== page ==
Indian Government Makes Human Rights at Sea Commitment
The inaugural national-level seminar on “Human Rights at Sea” was held by the Forum for Integrated National Security (FINS) think-tank in Mumbai on February 28. It was the first time that a flag state has recognized and been engaged in the emerging “Human Rights at Sea” concept and surrounding debate established by the charity of the same name.
The event was attended by around 300 delegates including India's Director General of the National Shipping Board, the current and former Director General of Shipping. Shri Amitabh Kumar, Director General of Shipping, said: “As we continue to add the number of active Indian seafarers, the instances of the exploitation of their human rights also continue to add. The biggest and the most common violation of human rights now is non-payment of wages and abandonment of seafarers, and Indian seafarers have been the largest group to suffer on these counts.”
He went on to highlight the current issues of abandonment of Indian seafarers and restrictions of the MLC, commenting that: “The other loop-hole has emerged in the MLC regime itself, which provides for repatriation of abandoned seafarer, but does not cast any obligation on the insurance agency to provide a replacement seafarer.”
Noting the technical sessions occurring at the event, he said: “I’m sure these deliberations will result in some concrete suggestions for strengthening of our engagement with these bodies. From our side, we assure you of proactive implementation of all implementable solutions.”
The event was also attended by the Indian Ministry of External Affairs, the Vice-Counsel for Political Affairs of the U.S. Consulate, the Ambassador for Madagascar, multiple Indian seafarers’ unions, flag state officials including from the Marshall Islands, the International Maritime Federation, P&I representatives, major shipowners, CSR directors, welfare organizations, maritime lawyers, national media and merchant marine cadets, among others.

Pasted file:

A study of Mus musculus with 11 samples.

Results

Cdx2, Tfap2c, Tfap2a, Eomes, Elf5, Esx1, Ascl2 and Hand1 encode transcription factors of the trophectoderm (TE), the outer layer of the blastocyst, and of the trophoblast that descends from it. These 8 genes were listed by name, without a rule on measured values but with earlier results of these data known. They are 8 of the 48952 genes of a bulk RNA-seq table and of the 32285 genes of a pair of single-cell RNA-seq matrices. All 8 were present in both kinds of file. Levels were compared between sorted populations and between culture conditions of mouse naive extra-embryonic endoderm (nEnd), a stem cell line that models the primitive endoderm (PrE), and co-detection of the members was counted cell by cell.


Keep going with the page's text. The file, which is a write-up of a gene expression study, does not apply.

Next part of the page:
Speakers included Lionel Fernandes, an Indian Navigating Officer who spent two years in jail without due process, and two Indian members of the MV Seaman Guard Ohio, the former U.S.-owned floating armory vessel arrested in October 2013 in Tuticorin port who then spent four years in Chennai, two of which in jail before being acquitted by the Madras High Court on November 27, 2017.
Organized by Captain Sanjay Prashar, FINS Board member and former seafarer, the seminar was the first such event to be held focusing on the emerging concept and narrative of “Human Rights at Sea” in India.
India was one of the founding members of the IMO and since then has been elected to the IMO Council in Category B (except for the term of 1983-1984). Dr. C.P. Srivastava, was the longest serving Secretary General of IMO from 1974 to 1989 and has often been credited for the establishment of World Maritime University in Sweden, International Maritime Academy at Italy and the International Maritime Law Institute at Malta.
David Hammond, Founder of the Human Rights at Sea platform and concept, was invited to attend and spoke on seafarer criminalization, including the cases of migrant maritime workers, including fishermen, who become criminalized through failure to service loans for their training and equipment who may be forced to leave their role and are otherwise put in positions of having themselves and their families becoming indentured, and their family assets seized often pushing them into poverty.
Hammond commented: “The continued expansion of the ‘Human Rights at Sea’ concept must become an international shared effort, while the leadership shown today by the Indian Government and enabled by the Forum should be an example to other States to open up the human rights at sea narrative and start to embed those four words into everyday State, commercial and civil society language and due consideration. There is simply no reason why human rights should not apply at sea as equally as they do on land.”